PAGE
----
Addition Lesson Plans and Step-by-Step Instructions

As an elementary school teacher, you teach your students the fundamental math skills they will need to succeed in later grades. Addition is one the most basic skills, and you probably teach it in several different ways. No matter which grade you teach, there are some similarities in lesson plans, which allow for step-by-step instruction.


Lesson Plan Fundamentals

There will obviously be differences in the ways you teach first graders and fifth graders. However, the fundamental lesson plan format can be the same. One of the most common formats is that designed by the educational theorist from the University of California, Los Angeles (UCLA), Madeline Hunter. The basic 7-step plan includes:

  1. Learning objective - This is what you expect students to learn in the lesson.
  2. Standards - Introduce what is expected from the students and what state standard this lesson will cover.
  3. Anticipatory set - Grab the students' attention and motivate the students to want to learn the objective.
  4. Teaching - Explain, model and demonstrate the lesson using a variety of methods, such as manipulatives, pictures and videos.
  5. Guided practice - Let students practice the lesson with your support by asking questions, having discussions and completing worksheets.
  6. Closure - Review the material learned and restate the major elements to help students internalize the new information.
  7. Independent practice - Assign homework that helps students to further understand what they learned.

Step-by-Step Addition

Not only is addition taught step-by-step in a single math period, it is also taught progressively throughout elementary school. After all, you can't expect first graders to add complex decimals, when they're just beginning to understand that 5 + 5 = 10.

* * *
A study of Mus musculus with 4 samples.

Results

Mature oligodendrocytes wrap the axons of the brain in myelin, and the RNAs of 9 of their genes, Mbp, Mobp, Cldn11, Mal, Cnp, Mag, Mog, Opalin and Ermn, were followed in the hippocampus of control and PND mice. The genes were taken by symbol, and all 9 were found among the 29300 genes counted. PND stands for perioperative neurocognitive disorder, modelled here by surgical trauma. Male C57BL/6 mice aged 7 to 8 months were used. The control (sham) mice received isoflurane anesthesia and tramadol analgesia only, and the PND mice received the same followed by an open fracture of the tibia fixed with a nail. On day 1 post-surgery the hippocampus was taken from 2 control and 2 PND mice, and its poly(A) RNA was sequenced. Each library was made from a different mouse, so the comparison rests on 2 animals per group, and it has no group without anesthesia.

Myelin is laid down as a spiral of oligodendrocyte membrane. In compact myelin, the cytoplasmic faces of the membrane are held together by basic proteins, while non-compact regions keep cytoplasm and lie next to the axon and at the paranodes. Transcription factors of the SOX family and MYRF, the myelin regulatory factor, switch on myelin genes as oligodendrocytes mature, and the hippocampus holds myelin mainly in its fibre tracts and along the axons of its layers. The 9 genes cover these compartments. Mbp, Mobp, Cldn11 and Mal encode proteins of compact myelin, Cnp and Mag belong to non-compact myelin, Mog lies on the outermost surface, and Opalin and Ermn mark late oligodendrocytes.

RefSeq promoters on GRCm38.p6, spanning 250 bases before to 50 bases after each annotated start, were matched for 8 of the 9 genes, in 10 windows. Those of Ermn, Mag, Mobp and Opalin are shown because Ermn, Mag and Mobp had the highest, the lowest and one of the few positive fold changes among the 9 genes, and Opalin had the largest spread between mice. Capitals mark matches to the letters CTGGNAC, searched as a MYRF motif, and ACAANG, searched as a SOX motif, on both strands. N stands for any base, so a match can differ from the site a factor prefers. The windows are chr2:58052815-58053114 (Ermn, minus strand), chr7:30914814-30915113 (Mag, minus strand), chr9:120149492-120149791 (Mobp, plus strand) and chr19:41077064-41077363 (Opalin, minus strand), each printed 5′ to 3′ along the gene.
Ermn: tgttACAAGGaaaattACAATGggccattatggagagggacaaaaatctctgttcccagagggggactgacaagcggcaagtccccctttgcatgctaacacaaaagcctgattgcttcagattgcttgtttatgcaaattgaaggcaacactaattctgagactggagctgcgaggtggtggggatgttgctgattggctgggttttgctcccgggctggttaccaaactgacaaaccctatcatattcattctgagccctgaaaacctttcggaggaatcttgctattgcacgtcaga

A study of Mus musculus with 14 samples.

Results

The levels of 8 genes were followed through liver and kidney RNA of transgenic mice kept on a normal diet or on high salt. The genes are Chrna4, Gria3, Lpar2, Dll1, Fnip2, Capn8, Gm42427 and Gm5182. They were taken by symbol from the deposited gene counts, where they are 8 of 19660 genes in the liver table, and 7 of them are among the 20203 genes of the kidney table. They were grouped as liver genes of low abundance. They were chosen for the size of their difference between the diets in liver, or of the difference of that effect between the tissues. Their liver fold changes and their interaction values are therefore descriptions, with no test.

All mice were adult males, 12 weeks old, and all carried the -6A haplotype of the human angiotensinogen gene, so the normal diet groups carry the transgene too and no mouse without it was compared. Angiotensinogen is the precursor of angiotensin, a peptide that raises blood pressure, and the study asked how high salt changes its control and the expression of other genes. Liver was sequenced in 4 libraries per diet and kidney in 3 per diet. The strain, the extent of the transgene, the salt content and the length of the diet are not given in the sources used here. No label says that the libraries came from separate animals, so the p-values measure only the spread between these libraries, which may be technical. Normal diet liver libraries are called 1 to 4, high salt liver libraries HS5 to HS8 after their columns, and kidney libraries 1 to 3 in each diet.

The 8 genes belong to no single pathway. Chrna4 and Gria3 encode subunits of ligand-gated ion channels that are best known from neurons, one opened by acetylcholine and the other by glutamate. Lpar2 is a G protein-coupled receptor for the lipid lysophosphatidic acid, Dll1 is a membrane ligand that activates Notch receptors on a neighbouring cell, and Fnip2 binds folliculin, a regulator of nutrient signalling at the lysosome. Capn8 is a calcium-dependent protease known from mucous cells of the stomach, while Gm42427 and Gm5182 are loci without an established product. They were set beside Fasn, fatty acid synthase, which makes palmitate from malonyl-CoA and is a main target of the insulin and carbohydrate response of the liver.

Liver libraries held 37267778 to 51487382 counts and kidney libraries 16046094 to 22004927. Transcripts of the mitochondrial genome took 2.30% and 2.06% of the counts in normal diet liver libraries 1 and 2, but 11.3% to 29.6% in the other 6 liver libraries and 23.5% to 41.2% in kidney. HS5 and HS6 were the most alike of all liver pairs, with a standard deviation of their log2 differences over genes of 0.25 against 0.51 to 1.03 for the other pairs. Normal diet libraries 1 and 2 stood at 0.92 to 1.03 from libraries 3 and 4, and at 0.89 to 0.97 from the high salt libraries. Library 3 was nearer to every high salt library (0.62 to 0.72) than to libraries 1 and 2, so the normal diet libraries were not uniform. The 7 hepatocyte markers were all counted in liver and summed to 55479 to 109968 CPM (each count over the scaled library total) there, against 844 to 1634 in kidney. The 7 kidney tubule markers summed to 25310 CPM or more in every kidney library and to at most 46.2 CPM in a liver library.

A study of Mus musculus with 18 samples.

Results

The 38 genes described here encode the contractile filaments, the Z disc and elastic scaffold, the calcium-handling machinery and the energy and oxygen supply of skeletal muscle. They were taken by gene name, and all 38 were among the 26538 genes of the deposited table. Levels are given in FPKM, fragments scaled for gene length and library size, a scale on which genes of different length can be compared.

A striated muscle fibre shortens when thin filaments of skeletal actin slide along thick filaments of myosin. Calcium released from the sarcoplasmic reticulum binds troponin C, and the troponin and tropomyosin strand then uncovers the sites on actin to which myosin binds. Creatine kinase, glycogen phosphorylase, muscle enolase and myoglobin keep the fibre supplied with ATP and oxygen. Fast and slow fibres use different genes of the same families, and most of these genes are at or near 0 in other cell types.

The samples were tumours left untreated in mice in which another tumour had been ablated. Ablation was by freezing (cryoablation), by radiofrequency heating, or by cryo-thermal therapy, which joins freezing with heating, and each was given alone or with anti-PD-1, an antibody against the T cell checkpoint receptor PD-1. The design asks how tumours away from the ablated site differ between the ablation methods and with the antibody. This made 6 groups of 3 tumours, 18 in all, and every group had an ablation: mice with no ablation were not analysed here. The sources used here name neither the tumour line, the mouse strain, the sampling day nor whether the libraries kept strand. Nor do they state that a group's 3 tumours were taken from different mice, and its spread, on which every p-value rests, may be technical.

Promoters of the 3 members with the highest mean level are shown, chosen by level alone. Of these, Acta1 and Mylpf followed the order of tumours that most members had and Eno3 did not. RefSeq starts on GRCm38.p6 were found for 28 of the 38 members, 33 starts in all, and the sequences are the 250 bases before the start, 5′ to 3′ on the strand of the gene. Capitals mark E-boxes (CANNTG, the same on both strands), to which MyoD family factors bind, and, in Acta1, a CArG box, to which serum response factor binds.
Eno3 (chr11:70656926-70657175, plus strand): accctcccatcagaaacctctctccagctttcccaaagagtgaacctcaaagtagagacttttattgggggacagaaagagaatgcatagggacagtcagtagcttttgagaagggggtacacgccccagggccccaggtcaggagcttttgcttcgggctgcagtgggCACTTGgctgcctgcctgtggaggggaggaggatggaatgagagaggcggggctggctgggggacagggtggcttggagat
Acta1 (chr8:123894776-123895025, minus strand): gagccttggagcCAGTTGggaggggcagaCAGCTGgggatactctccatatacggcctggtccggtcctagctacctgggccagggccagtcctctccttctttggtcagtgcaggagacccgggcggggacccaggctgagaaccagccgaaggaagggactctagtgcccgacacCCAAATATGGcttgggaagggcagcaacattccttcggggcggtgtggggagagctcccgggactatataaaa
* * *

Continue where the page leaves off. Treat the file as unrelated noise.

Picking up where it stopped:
Steps for Teaching Addition throughout Elementary School

Students learn that addition is putting parts together, combining one set of numbers with another.
First Grade
Students learn to add within 20, as well as the commutative and associative properties of addition. They also learn to add a 1-digit number or a multiple of ten to a 2-digit number (e.g., 2 + 10 = 12).
Second Grade
Students learn to effortlessly add 1-digit numbers, mentally add within 20 and - using place values and operations properties - add up to four 2-digit and add 3-digit numbers. They also learn to add within 1000 using tools such as manipulatives and pictures. Adding same-unit lengths is also covered in second grade.
Third Grade
Students recognize and explain patterns in the addition table. Adding within 1000 becomes fluent and students learn to add time intervals of minutes. They also use addition to calculate the perimeter of shapes.
Fourth Grade
Fractions are big in fourth grade and kids will learn to add fractions and mixed numbers with the same denominators.
Fifth Grade
Students take the next step in adding fractions by learning to add those that have different denominators. By fifth grade, students add multi-digit numbers and decimals to the hundredths place.

Step-by-Step Addition Instruction

Each new concept taught will have its own set of steps. Presented here, as an example, are the steps for adding 2- and 3-digit numbers.

  1. Review adding several 1-digits numbers in the vertical format, emphasizing that when the total is ten or greater you 'carry' the number to the top of the tens column. Then add the numbers in the tens column, which, at this point, is only the number that was carried.
  2. Review adding a 1-digit number to a 2-digit number in the vertical format, pointing out that when the units column is ten or greater you put the number from the tens place in the answer at the top of the tens column of the 2-digit number. Then you add those two numbers in the tens column and put the sum in the tens column of the answer.
  3. With two 2-digit numbers, show that you follow the same process as above. If the sum of the tens column is ten or greater, then you do the same thing as you did in step one, except that you are 'carrying' to the number to the hundreds column.
  4. Adding 3-digit numbers is just like adding 2-digit numbers except if you have a number to carry from adding the hundreds column, it goes to the top of the thousands column.